There never seems to be any real respite from the tension and stress that underscores life. I feel tautly coiled; like the world I inhabit spins far too fast. Like a merry-go-round you wish you could stop for a moment just to catch your breath. ~Sarah M. Johnson
The quote above pierced my heart as I read the words several times over. It touched me deeply because I’ve experienced the exact same feelings, but never put them into words so perfectly.
Life is Beautiful by Sarah M. Johnson is her personal story of brokenness and redemption. She takes the reader on a journey through her family’s real struggles as her Father’s drug use comes to light and his determination to redeem his life.
After finding out her father had been using for more than a decade Sarah begins to face her own insecurities while spiraling out of control due to alcohol use and depression.
As this family deals with their new reality Sarah’s parents decide to take in a relative dying from cancer. Her father visits Africa with her brother, and then wants the whole family to make another trip together.
It is this trip’s tragic end that causes Sarah to look at her life and living it out in a completely different way.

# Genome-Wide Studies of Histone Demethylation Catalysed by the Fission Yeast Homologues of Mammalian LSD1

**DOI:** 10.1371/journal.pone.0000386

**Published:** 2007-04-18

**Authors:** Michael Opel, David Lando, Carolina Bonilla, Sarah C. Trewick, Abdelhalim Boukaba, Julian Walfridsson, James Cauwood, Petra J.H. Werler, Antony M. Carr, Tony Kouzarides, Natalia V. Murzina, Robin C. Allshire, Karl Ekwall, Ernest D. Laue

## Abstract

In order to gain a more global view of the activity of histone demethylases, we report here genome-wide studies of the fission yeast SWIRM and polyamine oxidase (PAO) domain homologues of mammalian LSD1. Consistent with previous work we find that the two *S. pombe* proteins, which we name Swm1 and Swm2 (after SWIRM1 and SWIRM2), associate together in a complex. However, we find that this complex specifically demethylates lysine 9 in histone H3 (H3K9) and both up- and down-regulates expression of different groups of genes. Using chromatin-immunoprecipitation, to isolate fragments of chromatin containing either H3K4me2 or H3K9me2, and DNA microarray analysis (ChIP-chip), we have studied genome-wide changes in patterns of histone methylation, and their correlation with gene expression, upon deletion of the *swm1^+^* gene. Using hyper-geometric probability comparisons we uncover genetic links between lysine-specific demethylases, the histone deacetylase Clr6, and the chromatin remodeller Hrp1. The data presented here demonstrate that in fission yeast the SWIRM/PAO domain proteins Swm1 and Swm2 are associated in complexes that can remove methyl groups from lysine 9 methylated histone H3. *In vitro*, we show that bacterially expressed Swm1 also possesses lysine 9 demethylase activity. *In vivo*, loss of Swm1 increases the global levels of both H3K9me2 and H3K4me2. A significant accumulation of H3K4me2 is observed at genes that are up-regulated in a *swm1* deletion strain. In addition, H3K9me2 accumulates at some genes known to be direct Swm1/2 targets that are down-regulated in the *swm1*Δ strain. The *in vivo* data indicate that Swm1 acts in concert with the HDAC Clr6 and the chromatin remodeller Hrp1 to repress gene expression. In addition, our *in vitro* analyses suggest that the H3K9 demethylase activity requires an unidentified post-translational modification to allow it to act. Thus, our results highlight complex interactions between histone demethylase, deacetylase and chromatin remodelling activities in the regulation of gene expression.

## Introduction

When I compare Mrs. Johnson’s story to my own life (I believe as readers we do this without even thinking) I can feel her pain of wanting to fit in but not knowing how.
I can step inside her house and feel the distance between family members as they discover how to live with ugly truths that now exist.
I can picture my own season of spinning out of control and making choices that lead to heartbreak and regret.
Mrs. Johnson has a way of exposing her vulnerabilities that cause me to cringe and whisper me too.
My vice was not alcohol, but don’t they all make us feel the same?
When I’m drinking, I feel as if I’m a passenger in my own life. I want to love God, I want meaningful friendships, and I want to do well in school, but alcohol, insecurity and anxiety impel me down a much different path ~Ch.7
If you’ve ever been addicted to anything you know what she’s describing. The life around you seems distant, almost as if you don’t belong.
Insecurity and anxiety play a vital role in Mrs. Johnson hitting rock bottom as she deals with the pain of the Cessna crash, her mother’s deep resentment and physical pain, and her own addiction.
I matched my experiences to Mrs. Johnson’s as she finally reached out for help and found comfort in therapy. The way she shares her private thoughts and feelings is another reason why I love this book.
When we are honest with others about the worst parts of ourselves we can connect on a much deeper level.
Time passes slowly, like an inexorable drum beat, but each day seems to build on one another…Telling Pauline my story has not magically cured me, but it no longer feels quite so fearful to talk openly and honestly about what I experienced. ~Ch. 11
Life is Beautiful is a book I will recommend over and over to anyone searching for a story of redemption and God’s love.
It truly is about a lost girl who became a true, confident child of God.